Good Monday morning to you. It’s the end of the month again, and there are only five weeks left until the end of another year. Did you ever think about the words you want to hear this time of year? I have noticed as I get older, the years seam to go by quicker. One thing that has not changed, even since I was a kid, was when it comes to the end of the job you are doing, the end of a project, the end of a year, you want to hear words letting you know what you just did matters. For some, it’s to hear those words of encouragement from your boss. When we were younger, maybe it was from dad, a coach, teacher, mom, or older brothers and sisters. We wanted to hear these words. So today we will start with one of the sets of words we want to hear this time of year: “Good Job.”
It’s time to tell yourself that you did a good job. I know many of you, like me, still feel you could do more; you want to push and get more done. Stop. In the next five weeks, there is only so much you can do. So take some time out and realize that you did the best with what you had this year. Think back over those things you did right and tell yourself “good job.” We all spend more time thinking about what we didn’t do or what we think we did wrong than what we did well.
Years ago, I always focused on what I could not get done or hadn’t accomplished. I remember being upset that I had totally missed my goals for the year. Then I met a young man who was years younger than I. We worked in the same business. He told me that at the end of each day you must put a period because, no matter what you do, you cannot go back and change anything in it now. You must put an end to the day. I started to do this and that’s when I started to look at what I did right and say to myself, “Good job, Tim.” I was then able to build on the good things.
So many will end 2011 still hearing the words of a teacher, or coach, or parent who told them 20 years ago “You will never amount to anything.” They will totally miss the fact that in the past year the job they did may have saved someone’s life. The person they said “Hi” to, or the charity they donated a blanket to may have saved some homeless man’s life. It has nothing to do with what you did not do; something you did was able to change the world, even if it was only one thing you did.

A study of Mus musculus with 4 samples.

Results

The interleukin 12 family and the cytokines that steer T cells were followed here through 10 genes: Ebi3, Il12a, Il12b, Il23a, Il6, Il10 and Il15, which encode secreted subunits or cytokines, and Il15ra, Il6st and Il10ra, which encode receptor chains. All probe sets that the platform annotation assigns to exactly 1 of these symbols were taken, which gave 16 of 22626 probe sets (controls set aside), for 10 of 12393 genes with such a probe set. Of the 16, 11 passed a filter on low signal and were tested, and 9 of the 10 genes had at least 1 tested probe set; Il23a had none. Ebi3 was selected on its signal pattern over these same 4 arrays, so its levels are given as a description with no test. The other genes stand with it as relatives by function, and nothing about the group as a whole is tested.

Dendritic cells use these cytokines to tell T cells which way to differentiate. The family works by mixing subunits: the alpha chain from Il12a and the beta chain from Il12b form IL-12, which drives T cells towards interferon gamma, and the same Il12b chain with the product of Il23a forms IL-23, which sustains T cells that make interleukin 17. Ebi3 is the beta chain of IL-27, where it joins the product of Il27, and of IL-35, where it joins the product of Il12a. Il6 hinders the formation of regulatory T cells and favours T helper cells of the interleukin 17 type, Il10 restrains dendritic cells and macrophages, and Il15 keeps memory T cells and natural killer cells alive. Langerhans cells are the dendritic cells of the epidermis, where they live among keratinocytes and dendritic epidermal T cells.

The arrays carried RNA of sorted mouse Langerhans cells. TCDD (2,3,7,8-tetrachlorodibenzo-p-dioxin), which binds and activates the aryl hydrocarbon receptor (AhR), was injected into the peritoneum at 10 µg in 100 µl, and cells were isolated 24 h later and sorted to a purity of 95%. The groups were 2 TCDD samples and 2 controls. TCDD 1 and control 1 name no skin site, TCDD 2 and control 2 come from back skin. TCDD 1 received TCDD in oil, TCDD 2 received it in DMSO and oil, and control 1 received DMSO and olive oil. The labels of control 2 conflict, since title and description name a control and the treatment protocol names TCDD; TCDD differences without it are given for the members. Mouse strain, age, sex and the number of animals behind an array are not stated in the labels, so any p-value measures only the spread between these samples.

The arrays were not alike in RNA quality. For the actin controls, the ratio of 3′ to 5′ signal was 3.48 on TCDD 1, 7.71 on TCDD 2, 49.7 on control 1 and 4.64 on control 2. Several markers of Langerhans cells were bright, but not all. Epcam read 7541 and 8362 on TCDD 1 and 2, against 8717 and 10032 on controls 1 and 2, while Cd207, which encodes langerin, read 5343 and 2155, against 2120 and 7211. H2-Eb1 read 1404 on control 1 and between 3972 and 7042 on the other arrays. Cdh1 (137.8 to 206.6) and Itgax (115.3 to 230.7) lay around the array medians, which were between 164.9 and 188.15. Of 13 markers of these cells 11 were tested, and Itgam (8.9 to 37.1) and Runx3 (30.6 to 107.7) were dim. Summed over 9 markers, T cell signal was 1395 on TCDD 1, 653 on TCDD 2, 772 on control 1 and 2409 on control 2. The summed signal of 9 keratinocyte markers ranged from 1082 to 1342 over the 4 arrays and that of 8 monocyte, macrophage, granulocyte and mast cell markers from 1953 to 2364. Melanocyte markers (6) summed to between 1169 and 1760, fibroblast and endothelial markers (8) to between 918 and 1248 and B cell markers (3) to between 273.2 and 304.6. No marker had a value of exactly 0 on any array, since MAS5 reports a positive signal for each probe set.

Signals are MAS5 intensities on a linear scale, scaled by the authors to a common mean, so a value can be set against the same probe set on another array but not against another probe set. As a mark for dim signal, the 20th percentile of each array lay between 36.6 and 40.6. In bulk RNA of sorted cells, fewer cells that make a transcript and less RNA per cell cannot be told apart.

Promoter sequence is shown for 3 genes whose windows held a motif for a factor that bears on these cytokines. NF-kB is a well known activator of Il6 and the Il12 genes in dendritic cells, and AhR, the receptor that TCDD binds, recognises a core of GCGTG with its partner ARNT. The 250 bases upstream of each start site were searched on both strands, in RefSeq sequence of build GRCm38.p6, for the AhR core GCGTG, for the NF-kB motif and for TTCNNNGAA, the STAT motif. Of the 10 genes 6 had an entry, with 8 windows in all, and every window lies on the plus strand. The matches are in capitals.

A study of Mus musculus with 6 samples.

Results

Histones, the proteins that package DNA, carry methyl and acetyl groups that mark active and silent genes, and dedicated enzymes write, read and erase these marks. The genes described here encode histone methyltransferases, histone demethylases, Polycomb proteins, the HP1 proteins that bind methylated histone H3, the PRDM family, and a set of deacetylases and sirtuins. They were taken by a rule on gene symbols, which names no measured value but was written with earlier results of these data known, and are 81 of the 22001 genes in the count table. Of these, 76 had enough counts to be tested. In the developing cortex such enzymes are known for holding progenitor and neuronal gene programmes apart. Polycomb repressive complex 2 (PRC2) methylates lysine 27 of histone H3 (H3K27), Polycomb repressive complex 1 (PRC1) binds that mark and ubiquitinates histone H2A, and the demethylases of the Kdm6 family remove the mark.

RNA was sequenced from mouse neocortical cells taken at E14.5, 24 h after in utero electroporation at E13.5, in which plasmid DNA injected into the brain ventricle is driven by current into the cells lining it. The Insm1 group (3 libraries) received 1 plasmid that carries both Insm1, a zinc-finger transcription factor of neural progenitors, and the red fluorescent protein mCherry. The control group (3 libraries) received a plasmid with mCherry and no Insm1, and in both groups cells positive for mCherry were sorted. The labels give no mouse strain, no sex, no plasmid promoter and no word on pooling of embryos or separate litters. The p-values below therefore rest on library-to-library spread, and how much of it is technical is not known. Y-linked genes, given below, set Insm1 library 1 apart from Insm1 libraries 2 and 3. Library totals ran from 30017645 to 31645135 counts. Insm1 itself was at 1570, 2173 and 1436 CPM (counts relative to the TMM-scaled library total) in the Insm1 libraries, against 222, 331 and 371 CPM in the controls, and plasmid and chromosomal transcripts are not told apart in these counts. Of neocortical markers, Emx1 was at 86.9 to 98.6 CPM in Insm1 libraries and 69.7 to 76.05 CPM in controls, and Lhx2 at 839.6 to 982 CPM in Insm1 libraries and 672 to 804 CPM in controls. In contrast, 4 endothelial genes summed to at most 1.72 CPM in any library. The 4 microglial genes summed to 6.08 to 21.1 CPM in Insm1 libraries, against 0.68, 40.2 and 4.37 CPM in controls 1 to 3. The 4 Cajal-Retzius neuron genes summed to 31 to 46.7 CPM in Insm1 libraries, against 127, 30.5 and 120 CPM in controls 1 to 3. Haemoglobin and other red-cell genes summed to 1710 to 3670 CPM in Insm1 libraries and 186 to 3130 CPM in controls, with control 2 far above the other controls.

When I started to tell myself this, I noticed others telling me that also. Before I told myself that, I could not hear people tell it to me. Some told me they had been saying that to me for a long time but I just could not hear them over myself talking about what I had not gotten done.
There is an important part of this: be honest with yourself. Don’t tell yourself “good job” if you did not do something. But even if you didn’t get everything done you had hoped to do, we all have something we did that moved us forward. Reward yourself with a “good job” for those things.
We will focus more in a few weeks on how to work with what you did right and what you did wrong as you set next year’s goals, but today is about looking at your accomplishments for the year and giving yourself credit. For now, maybe you will get a better perspective if you take out a sheet of paper and write down a list of those things you felt you did well and write the words “Good Job” beside each item. This will be a start to set up your next year by programming your mind with the things you are able to do. Many times over the past year I have said “Start where you are and take it one step at a time from there.” If you cannot tell yourself that, you will never hear others tell you.
I’d love to hear from you: tell me what it means to know you did something good and to hear the words: “Good job.”
I’m Tim Gillette, the Rocker Life Coach. It’s time to live your dreams, to love what you do and those you share life with. Learn to tell yourself “good job” for the things you accomplished; use this to become a RockStar in your world.